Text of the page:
When Rwanda Met Estonia: Launching a New Year of Global Jewish Service
When high schooler Danielle Falk picked up a copy of "We Wish to Inform You That Tomorrow We Will Be Killed With Our Families," a book about the Rwandan genocide, it changed her life forever.
The vivid descriptions of the slaughter of Tutsis by the Hutu in the African country during the 1990s left a lasting impression on the 16-year-old, eventually influencing her decision to pursue a career in the not-for-profit world.
Now 25, the native New Yorker is preparing to spend a whole year in Rwanda at the Agahozo-Shalom Youth Village as part of JDC's Global Jewish Service Corps (JSC).
“Agahozo means to dry one's tears while shalom means peace,” she said, speaking at the JSC gathering held at JDC headquarters in New York City this August. “It provides an education that a lot of young adults would not have had access to and provides family structure and support.”
Falk was one of about 30 young adults who attended the orientation before going out into the field. Over the coming weeks and months, JSC fellows will ship out to places as far and wide as Buenos Aires, Argentina; Krakow, Poland; Shanghai, China; Mumbai, India and Jerusalem, Israel, where they will serve local Jewish communities and help individuals in need.
The Global Jewish Service Corps is an initiative of JDC Entwine, a one-of-a-kind movement of young Jewish advocates, influencers, and leaders who seek to make a lasting impact on the global Jewish community. For more information about JDC Entwine, go to www.jdcentwine.org.
“The Jewish Service Corps provides an unparalleled opportunity for young Jews to interact with real global Jewish needs and international issues and to use their unique skills and talents to address challenges in local communities” said Shauna Ruda, program director of global volunteer programs for JDC Entwine.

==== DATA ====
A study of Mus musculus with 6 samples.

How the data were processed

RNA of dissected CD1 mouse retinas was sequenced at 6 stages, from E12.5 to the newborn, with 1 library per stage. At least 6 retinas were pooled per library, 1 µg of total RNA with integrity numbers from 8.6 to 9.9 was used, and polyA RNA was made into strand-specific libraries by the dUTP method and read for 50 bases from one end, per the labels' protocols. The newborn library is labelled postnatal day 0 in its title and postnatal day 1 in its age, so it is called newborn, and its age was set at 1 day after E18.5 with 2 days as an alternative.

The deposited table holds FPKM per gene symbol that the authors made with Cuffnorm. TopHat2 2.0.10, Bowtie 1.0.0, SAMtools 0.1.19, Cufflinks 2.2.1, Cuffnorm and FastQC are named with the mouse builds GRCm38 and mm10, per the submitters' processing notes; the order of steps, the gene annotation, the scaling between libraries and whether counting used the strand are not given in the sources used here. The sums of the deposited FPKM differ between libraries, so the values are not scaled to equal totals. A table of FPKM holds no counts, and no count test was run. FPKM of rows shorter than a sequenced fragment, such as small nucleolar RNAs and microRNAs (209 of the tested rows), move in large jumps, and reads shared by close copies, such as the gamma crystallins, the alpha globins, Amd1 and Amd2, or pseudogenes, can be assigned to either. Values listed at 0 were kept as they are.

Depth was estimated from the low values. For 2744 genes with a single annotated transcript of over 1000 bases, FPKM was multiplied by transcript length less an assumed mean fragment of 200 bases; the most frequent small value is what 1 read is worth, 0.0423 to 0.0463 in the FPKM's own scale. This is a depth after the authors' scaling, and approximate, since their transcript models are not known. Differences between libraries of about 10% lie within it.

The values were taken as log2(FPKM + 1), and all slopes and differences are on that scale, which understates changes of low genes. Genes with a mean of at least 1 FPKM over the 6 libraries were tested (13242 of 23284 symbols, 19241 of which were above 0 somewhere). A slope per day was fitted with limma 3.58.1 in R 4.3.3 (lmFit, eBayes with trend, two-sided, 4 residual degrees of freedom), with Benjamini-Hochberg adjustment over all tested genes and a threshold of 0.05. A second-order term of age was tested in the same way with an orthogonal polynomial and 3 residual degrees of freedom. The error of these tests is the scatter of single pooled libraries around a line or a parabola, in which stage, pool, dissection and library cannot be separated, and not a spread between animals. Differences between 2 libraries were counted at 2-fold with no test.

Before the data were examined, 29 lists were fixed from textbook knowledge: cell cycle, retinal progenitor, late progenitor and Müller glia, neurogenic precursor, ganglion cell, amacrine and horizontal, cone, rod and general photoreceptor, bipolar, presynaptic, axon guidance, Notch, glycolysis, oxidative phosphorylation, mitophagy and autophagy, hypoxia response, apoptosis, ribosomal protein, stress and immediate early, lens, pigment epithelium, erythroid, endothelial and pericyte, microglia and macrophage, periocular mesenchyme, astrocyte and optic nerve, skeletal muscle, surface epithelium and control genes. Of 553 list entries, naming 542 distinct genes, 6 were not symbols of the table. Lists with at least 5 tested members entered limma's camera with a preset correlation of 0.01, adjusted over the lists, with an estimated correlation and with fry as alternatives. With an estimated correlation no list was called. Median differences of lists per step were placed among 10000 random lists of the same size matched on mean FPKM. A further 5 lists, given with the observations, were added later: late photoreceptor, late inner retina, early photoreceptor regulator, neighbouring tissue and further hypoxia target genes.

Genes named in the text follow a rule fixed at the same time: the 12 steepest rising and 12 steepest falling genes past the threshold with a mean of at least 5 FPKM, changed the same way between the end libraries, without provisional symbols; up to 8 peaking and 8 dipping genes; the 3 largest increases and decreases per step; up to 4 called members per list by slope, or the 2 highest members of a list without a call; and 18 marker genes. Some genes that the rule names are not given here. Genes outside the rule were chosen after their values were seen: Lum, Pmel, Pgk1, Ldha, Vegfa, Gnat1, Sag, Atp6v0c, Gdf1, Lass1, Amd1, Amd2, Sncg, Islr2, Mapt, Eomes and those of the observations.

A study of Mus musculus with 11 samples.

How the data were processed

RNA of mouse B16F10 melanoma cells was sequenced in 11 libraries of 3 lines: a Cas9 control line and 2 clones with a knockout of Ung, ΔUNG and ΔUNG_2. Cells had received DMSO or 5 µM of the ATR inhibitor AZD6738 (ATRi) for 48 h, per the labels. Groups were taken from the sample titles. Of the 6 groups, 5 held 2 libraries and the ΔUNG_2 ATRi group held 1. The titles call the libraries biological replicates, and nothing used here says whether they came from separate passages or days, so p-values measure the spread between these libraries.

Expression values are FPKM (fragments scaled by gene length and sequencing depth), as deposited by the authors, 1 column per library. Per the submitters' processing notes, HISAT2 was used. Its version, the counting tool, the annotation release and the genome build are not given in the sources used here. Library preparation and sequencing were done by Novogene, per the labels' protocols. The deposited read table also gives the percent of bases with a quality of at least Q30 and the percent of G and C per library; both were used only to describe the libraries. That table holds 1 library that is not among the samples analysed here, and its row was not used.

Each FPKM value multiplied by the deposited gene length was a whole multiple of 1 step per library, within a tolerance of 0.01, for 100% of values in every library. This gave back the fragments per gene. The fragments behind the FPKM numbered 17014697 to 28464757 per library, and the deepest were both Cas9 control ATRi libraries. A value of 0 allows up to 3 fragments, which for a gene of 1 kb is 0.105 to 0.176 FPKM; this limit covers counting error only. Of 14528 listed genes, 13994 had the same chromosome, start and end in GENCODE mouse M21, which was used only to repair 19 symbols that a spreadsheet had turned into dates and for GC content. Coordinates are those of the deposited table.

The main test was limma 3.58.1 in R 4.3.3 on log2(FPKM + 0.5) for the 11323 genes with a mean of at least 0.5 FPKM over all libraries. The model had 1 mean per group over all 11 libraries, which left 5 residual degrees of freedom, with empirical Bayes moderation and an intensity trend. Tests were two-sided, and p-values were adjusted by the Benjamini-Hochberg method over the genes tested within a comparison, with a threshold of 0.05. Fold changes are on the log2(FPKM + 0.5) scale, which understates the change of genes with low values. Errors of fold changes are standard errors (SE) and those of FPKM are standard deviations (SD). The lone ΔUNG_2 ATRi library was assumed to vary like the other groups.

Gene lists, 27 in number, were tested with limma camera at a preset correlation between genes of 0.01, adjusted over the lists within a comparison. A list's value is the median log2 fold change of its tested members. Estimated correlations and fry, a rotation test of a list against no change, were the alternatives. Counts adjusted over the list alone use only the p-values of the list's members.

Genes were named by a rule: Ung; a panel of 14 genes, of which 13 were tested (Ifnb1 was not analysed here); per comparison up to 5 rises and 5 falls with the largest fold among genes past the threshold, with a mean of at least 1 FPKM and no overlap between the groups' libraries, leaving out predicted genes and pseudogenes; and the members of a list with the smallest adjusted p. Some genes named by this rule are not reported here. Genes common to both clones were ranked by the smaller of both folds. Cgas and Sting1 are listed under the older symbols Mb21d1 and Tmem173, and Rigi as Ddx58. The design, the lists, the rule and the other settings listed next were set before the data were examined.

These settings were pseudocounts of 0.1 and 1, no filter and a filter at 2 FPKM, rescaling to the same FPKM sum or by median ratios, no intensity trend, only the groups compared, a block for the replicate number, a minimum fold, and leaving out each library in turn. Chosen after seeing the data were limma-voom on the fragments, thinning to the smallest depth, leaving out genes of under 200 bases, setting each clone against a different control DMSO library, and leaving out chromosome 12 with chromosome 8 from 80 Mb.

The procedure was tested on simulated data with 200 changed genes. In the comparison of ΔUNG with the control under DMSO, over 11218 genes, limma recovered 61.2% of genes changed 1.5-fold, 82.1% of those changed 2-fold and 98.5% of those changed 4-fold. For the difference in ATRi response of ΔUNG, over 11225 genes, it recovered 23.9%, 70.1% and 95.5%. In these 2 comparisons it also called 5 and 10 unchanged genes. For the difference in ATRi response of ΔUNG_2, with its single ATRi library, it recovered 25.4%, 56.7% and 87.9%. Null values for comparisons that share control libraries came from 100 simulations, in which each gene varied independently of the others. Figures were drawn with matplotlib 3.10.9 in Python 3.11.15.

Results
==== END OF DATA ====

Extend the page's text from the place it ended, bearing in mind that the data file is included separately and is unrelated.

This year, JSC organizers selected fellows from among hundreds of applicants. Most participants are from North America but in recent years there has been increased interest from individuals from other countries.
Maytal Kuperard of London will spend a year in Shanghai, while Olena Kushnir of Kiev, Ukraine, will work at the Young Adult Centers in Jerusalem.
Most fellows will begin their service in the coming weeks. Until then, they are busy getting vaccinations, spending time with friends and family, and, for Falk, rereading the book that originally piqued her interest in Rwanda.
“I’m sure I’ll see it very differently once I’m there,” she said.
An Error Occurred
Logging In With One of Your Social Web Site Logins
Instead of trying to remember a bunch of special username/password combinations to log in to different web sites that you visit, you can now link your account on this web site to your account on one (or more) of the social media web sites shown and log in with the same username/password combination that you use on that social web site to log in to our site.
To provide this connection in a secure manner, we use Gigya, a social network connection provider that works behind the scenes to make safe, secure connections between user accounts on different systems, such as popular social media web sites like Facebook and web sites like ours where you are actively involved in social issues and causes.
Each time you log in, Gigya uses special application programming interfaces (APIs) to establish the connection between the sites and validate your username and password. Neither our web site or Gigya receive or store your social network passwords.
In addition to reducing the number of logins you have to remember, connecting your accounts can make it quicker and easier to share an activity or cause you feel passionately about from our web site with your friends on your social web sites.
You can break the connection between your accounts at any time.